Essential practices for anxious freelancers
Balancing good mental health and working as a freelancer can be incredibly difficult, and this is not news.
Having the responsibility of everything starting and ending with you can go beyond daunting. Anyone who has ever felt anxious (which is likely the majority of us)understands the mitigating effect that forward planning has on the terror.
This is what we’ve learnt about minimising anxiety when freelancing, tellsPandle.
Keep a record of absolutely everything
When you freelance, there is unlikely to be anybody except the client and HMRC to remind you there’s something you’re supposed to be doing. Being nudged might make you feel a bit like things are getting out of your grasp, even if that’s really not the case. Keeping track, whatever your system for doing so, of everything that is due and when can help reduce the last-minute-panic.
Task planning for self-employed people
There are tech solutions for diary planning or work scheduling. Trello is a useful place to put ideas for clients, and any ongoing tasks. Evernote, spreadsheets, a paper diary, or a battered notebook can also do the job.
Manage your bookkeeping
Money is a trigger for a lot of people, but knowing what is going on can help you plan ahead. Log all your invoices, and definitely record all expenses, no matter how small. Spending a tenner meeting a client for coffee might sound like nothing, but do that twice a week and it becomes a decent amount to offset against your tax bill. Accounting software could help keep things up to date.
Speaking of which, reconciling your accounts on a regular basis will help monitor any late payers or unnecessary spending, and will also mean you are ready to go when the Self-Assessment window opens. Submitting early will give you more time to pay the bill, especially if cash flow has been slow. Taking money out of your income for savings and taxes will help you even more.
Communicate in detail
Agree on the brief, discuss expectations, set a price, and get it all down in writing. If the client changes or expands the original project, let them know what that will do to the price and check that they wish to proceed.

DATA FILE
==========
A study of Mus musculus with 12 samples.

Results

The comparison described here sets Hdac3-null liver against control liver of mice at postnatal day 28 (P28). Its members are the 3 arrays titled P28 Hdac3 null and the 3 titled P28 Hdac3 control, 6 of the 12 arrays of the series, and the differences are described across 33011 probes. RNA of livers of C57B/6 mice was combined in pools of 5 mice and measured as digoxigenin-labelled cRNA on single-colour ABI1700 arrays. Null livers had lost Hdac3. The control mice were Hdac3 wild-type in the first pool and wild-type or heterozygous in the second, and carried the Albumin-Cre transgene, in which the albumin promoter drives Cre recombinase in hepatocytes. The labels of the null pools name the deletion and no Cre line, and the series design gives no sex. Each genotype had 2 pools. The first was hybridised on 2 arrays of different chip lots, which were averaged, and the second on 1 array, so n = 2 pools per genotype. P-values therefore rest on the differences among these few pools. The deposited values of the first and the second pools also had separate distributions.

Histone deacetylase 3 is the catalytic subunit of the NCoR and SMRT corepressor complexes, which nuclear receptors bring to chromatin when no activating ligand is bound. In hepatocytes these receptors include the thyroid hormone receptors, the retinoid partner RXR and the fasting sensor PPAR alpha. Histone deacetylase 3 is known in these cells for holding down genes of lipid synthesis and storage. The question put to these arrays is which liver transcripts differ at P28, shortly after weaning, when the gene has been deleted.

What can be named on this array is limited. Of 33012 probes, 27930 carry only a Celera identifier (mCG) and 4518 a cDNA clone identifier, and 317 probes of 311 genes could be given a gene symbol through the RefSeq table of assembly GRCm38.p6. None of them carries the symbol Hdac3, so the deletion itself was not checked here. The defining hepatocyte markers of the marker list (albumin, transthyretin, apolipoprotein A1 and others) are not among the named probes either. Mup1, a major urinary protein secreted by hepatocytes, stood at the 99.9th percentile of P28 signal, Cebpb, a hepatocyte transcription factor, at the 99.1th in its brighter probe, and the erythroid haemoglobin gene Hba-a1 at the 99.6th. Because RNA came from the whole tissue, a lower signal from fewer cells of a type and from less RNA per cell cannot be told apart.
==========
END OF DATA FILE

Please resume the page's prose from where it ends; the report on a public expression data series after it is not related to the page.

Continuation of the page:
Sending progress reports on a regular basis, or submitting work in chunks rather than all at the end allows your clients to see the progress being made and intervene if anything isn’t how they want it. For some contracts, especially with new clients, it is worth considering breaking the project up into sections.
Wait for sign-off on a section before progressing allows them to be sure of what they’re expecting. It will also make sure you’re getting money in regularly and reduces the damage of late or non-payment at the end.
Spend time, on a regular basis, looking for work
Networking for Nervous People
Networking events can feel a little like horrible torture when it comes to the bit where everyone takes it in turns to stand up and deliver their spiel. Knowing that even the most confident looking self-assured people still get nervous might help a bit, but the adrenaline spike doesn’t really go away. It happens to everyone, and you are not bad at this.
Plan your pitch in advance. Keep it simple, practice repeatedly until you know it verbatim, and on the day have it written down in front of you anyway. If you tell the audience that you’re better at whatever service you provide than you are at public speaking, nearly everyone in that room will laugh in agreement!
Pitch, pitch, pitch
Word of mouth referrals might lift off, but it can sometimes take a while to really get going. If things are tailing off after a busy period, or you’re still waiting to get busy, develop and refine your pitch in all its forms. This might look like an email catch up with someone you met at a networking event, social media updates, connecting with old clients, and more. Think about where you can add value, look for problems that you might help solve, and tactfully let people know that you’re available to help.
Practice saying no. Get good at it, it’s your armour
Turning down work, even when things are quiet, is not unforgivable, so do forgive yourself for it. If you feel that you can’t manage the scope of the project, can’t stand the client, or just need a break, then turn it down.
A good, resilient ‘no’ will also keep you safe from the very, verylarge number of people who think you’ve essentially retired, now that you’re working for yourself. When you need to work, work. Otherwise, you’ll come up on those deadlines, not do your best work, and not get proper rest breaks which can upset the equilibrium.
Hitting the meltdown stage will keep you out of action for longer, so the more you can do to fend it off, the better (and more productive) you will feel.